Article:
Melanie Lang, Formalloy Co-Founder, and Managing Director is motivated by developing a disruptive technology that delivers the future we could have previously only imagined – geometrically complex components made from exotic materials at cost-effective prices with reasonable lead times. Her passion has manifested into making wave(length)s in metal additive manufacturing since co-founding Formalloy in 2016. Prior to Formalloy, Melanie spent over 15 years as an engineer and program manager in the Aerospace & Defense Industry. She holds a B.S. in Aerospace Engineering from the University of Illinois and M.S. in Systems Architecture & Engineering from the University of Southern California. In addition to her role at Formalloy, Melanie currently serves as the Vice President of Legislative Affairs for Navy League San Diego, and we are lucky to have her as our San Diego Women in 3D Printing ambassador as well.
Melanie, could you let us know about your background and what brought you to 3D printing in the first place?
When I chose Aerospace Engineering as a path, I did so to satisfy my creative/artistic self with my math/science-loving self. 3D printing is another perfect example of the intersection of art & science, and so I was drawn into the “maker” world and started researching and exploring as a hobbyist. Working in the Aerospace industry for many years, I began to recognize more and more constraints on design and function that were limitations in the manufacturing processes and materials. By leveraging additive manufacturing/3D printing, I realized we could eliminate some limitations I had learned over the years regarding design and materials, and that’s when I dove in and altered my path towards 3D printing.
What was your very first experience with 3D Printing?
My first experience with 3D printing was attending a maker meetup and building a small FDM printer. Even though we could only build small plastic structures, which took hours, the excitement of designing something and seeing it come to life ignited a spark.
You are the co-founder of Formalloy. Could you explain furthermore what Formalloy is and the product you are providing?
Formalloy is a metal additive manufacturing company that designs and produces directed energy deposition systems and equipment. Our latest machine model, the X-series, has a scalable/customizable build volume, closed-loop control options, and the ability to process with the widest range of metal alloys on the market, including titanium, copper, and carbides.
How did you come to build the company?
The prototype for our first metal additive system started in the garage, and eventually moved into a small office space. We took the working prototype to RAPID in 2016 and it was a hit, generating significant interest from a diverse set of industries with paid R&D projects. We were able to use the proceeds to invest in staff and further developments, releasing 2 additional machine models, and began selling systems.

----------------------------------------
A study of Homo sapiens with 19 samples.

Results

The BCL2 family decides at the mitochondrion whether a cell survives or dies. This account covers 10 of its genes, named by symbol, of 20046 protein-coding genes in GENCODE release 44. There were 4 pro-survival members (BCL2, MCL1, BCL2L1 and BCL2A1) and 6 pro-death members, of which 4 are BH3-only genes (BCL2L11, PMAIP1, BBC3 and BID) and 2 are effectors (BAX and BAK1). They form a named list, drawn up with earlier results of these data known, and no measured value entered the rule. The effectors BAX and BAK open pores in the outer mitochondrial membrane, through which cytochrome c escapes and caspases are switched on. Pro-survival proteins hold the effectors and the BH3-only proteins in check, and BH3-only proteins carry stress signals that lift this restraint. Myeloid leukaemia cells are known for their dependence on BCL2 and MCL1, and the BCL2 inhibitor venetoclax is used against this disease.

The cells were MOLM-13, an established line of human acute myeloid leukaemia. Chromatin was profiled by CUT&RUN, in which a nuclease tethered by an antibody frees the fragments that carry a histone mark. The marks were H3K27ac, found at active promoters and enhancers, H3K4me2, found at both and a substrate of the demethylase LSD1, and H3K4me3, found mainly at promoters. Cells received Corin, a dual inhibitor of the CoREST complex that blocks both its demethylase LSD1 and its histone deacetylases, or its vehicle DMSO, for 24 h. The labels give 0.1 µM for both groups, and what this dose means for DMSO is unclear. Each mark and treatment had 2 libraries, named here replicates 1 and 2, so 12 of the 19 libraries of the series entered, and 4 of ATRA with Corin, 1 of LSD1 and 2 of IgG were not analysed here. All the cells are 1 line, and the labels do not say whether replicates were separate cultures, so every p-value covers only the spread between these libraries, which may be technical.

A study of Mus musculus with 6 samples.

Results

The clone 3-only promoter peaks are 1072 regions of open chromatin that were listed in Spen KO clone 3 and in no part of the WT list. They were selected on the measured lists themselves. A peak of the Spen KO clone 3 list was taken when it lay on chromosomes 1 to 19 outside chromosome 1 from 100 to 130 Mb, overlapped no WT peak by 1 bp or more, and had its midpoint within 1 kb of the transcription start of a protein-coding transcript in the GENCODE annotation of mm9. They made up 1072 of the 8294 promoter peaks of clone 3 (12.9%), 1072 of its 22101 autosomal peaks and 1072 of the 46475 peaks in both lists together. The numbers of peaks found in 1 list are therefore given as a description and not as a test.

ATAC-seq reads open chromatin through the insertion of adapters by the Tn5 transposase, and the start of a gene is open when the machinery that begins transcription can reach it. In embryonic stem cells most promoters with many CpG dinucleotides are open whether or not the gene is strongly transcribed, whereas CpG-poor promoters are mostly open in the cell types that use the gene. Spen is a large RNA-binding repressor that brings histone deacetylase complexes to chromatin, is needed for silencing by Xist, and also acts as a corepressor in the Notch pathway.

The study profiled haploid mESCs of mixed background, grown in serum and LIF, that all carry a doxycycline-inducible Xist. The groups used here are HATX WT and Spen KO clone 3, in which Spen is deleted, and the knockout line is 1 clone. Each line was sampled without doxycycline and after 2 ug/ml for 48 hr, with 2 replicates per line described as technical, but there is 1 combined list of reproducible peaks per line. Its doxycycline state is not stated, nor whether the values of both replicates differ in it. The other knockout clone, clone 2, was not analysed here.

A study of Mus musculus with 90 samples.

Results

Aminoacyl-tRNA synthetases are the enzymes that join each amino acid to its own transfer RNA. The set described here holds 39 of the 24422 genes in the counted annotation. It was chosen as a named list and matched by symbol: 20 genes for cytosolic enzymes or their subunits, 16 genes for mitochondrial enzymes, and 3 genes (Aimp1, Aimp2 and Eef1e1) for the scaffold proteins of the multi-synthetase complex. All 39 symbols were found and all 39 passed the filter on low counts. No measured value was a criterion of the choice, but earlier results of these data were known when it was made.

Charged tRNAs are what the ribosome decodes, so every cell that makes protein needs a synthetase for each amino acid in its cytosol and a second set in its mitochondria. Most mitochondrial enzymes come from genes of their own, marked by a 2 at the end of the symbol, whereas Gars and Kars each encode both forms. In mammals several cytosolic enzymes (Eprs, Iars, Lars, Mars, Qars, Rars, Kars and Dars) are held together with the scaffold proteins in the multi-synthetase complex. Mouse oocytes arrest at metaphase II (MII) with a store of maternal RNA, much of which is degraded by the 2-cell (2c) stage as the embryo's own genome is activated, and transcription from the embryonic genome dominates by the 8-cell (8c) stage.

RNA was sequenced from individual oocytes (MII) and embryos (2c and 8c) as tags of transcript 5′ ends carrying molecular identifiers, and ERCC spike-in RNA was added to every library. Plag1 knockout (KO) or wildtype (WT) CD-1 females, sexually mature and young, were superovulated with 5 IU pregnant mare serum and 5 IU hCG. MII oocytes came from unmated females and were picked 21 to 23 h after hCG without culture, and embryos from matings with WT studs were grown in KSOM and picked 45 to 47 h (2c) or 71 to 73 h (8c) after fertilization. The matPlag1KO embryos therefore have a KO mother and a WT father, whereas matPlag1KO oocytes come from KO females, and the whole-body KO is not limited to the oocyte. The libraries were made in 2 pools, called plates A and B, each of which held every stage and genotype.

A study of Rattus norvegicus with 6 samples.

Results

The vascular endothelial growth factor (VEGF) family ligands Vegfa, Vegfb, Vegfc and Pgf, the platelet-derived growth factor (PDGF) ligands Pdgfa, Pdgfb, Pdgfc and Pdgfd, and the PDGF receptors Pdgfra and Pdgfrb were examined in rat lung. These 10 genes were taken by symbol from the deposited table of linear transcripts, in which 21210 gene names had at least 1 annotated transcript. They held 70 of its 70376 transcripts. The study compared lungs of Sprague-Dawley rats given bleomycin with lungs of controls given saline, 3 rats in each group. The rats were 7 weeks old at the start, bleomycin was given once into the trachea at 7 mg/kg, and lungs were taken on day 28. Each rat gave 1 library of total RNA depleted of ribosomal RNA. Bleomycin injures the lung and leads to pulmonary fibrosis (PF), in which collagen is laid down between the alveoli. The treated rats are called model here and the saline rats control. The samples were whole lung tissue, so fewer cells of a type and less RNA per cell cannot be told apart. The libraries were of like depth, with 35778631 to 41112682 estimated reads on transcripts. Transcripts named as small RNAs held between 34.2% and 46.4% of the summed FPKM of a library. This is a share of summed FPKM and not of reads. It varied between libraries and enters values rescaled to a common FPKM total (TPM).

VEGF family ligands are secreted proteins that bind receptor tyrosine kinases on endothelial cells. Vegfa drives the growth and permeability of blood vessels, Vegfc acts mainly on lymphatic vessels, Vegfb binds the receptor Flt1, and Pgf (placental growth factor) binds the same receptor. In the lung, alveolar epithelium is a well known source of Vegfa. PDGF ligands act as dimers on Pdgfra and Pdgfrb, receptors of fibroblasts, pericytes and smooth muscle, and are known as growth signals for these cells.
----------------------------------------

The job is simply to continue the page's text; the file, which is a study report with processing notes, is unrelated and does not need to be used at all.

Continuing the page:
Have you run into any challenges from being a woman entrepreneur in 3D Printing?
The biggest challenge for me as a woman entrepreneur is to stay true to myself and be confident in an industry dominated by men. I shouldn’t need to change who I am, how I speak, or my external image in order for men to take me seriously, but it is an on-going challenge.
Do you have any (fun or not) story about the company or your career to share with us?
My secret superpower is to be able to 3D print custom space tourism vehicles that I call STARS.
Anything exciting coming up you’d like us to know about?
We will be demonstrating more on closed-loop control in the coming weeks – improving and validating build quality in real-time, which will enable the full potential for our laser metal deposition systems. And, we will be featured on an upcoming episode of Discover Channel’s “How It’s Made”!
What is the most impressive or impactful use of 3D printing you’ve seen so far?
I love any story where 3D printing has helped improve a person’s life, particularly with the medical device capability.
What do you consider game-changing technologies in Additive Manufacturing?
The ability to print gradient-material parts is revolutionizing how parts are designed. It’s no longer a restriction of making different parts because they are made of different materials. Now they can be produced in a single build…reducing complexity, weight, and cost!
What makes the 3D printing industry particularly interesting for you:
- As an engineer and entrepreneur?
The ability to integrate with the scientific and creative realm keeps me energized.
- As a woman?
I have always liked the famous words “Vini, Vidi, Vici”. Being a woman in another male-dominated field that I can make an impact on is exciting and motivating.
What do you think of the 3D printing industry today? And how would you like to see it evolve?
Today I see 3D printing utilized largely for prototyping and I can see the shift to production happening now as parts can be created that are fully dense, and can be built to scale at the full production size.
In your opinion, how could we encourage more women to become involved with 3D Printing?
Women helping women! It’s the responsibility of women in our field to be supportive advocates and inspire other women entering the field or considering a career in 3D printing. Wi3DP is a great example of doing just that.
Favorite 3D tool (could be a software, machine, material…you name it) ? Why, the X-series, of course!
Favorite moment in your day job? Speaking with customers and hearing about their challenges
What’s on your 3D Printing wishlist for the next 5 years? Improved slicing software for 5-axis builds!
Another inspiring woman you’d like us to interview? Barbara Hana,😉 I’m sure she has been.
Thank you for reading and for sharing!